Since water levels of Crystal Lake hit a record high May 31, surrounding areas in Robbinsdale have been struck with flooded roads, backyards, and basements.
“The boat launch at the south end of Crystal Lake is virtually underwater right now,” said Richard McCoy, the city’s engineer and public work director. He added that three ponds connected to the lake have turned into “one big pond.”
McCoy led a special work session and fielded questions from affected residents June 4 to communicate what is being done and what might be done in the future to counteract what he described as an “upward trend” in the lake’s elevation levels.
Exhibiting a graph of Crystal Lake elevations since 1990, McCoy said that he had foregone drawing a trend line, but there was no mistaking that the numbers continued to rise year after year.
“From the start to the end is an increase,” he said.
McCoy said that today’s storms are “peakier” and drop a higher volume of water than usual, and infrastructure that pumps out water from Crystal Lake hasn’t been able to keep up with the volume.
Solutions, long and short term
Crystal Lake’s 851.2-foot record elevation is nearly 4 feet higher than the ordinary high water level (847.5 feet). According to the Minnesota Department of Natural Resources, ordinary high water levels are usually “the point where vegetation changes from predominantly aquatic to predominantly terrestrial.”
The levels have put sections of Chowen Avenue and other roads underwater and caused flooding in low-lying areas that have damaged or rendered parts of properties inaccessible. Stagnant water can create a foul odor after extended periods of time, kill trees and create an ideal breeding environment for mosquitoes. McCoy said the Metro Mosquito Control District, which serves Hennepin County, has been notified of the circumstances and will monitor the situation.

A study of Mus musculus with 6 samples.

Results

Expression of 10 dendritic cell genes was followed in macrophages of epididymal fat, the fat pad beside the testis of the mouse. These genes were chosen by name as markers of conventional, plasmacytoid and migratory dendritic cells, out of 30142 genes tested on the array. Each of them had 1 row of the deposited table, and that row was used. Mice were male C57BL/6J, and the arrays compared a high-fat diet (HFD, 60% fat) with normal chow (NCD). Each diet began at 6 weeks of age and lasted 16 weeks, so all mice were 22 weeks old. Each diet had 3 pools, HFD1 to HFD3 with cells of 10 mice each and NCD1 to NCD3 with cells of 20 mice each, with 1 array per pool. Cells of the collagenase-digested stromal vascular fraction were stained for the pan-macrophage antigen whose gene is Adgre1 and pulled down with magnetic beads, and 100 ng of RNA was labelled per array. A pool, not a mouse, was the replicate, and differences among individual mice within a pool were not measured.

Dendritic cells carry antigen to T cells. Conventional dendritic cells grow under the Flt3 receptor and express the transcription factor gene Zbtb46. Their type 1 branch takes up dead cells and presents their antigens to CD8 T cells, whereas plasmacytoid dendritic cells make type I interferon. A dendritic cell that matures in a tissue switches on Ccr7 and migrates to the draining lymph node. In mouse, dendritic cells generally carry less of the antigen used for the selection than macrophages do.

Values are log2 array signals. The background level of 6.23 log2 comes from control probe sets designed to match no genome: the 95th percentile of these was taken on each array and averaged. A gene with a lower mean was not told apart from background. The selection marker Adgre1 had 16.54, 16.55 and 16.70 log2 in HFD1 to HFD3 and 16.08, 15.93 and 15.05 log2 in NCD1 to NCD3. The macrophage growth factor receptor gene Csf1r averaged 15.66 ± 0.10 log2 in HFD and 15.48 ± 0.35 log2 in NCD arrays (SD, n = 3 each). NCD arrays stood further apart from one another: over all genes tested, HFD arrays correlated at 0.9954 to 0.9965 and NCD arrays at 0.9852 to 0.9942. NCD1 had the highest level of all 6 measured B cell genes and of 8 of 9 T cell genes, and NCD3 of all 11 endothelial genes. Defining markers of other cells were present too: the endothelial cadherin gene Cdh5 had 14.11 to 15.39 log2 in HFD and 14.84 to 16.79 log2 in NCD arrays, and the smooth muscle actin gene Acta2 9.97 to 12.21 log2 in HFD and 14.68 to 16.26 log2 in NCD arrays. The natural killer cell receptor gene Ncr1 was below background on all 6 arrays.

Some areas not close to the lake have also been affected due to the saturation of groundwater surrounding the lakes, causing back-ups to piped storm water and filling areas that are lower elevations than the lake.
Because the lake has no outlet, water will continue to rise if rain continues and no manual removal process is in place. Currently, two pumps are pumping water out. The first pushes water to directly to Minneapolis’ storm water system at a maximum rate of 1,150 gallons per minute, which City Manager Marcia Glick likened to approximately one-half inch a day assuming no additional rainfall occurs. During rain events, the pump is stopped to prevent overloading the Minneapolis system.
The second pump was approved by the DNR last week, was quickly installed and is pushing water to the Ryan and Twin Lake system until a larger emergency pump arrives. The Ryan-Twin lakes system hasn’t brushed record elevations like Crystal Lake, and has a natural outlet that leads out of the city. The DNR is watching closely to ensure that residents near the Twin and Ryan lakes system are not affected by the additional water.
Other strategies include the creation of more rain gardens, the installation of underground water holding chambers. There are plans to raise the elevation of Chowen Avenue during a reconstruction project this and next year as part of the five-year street improvement and reconstruction plan.
McCoy warned that pumping water to Ryan and Twin is a temporary fix.
“Right now, Crystal Lake is impaired of nutrients, Twin Lake and Ryan Lake are not,” he said. “Just taking impaired water and chucking it into a lake that is not impaired isn’t gonna fly.”
The first step to a long-term solution is an already underway study by the Shingle Creek Watershed. The watershed reported that the study will be complete in less than two months.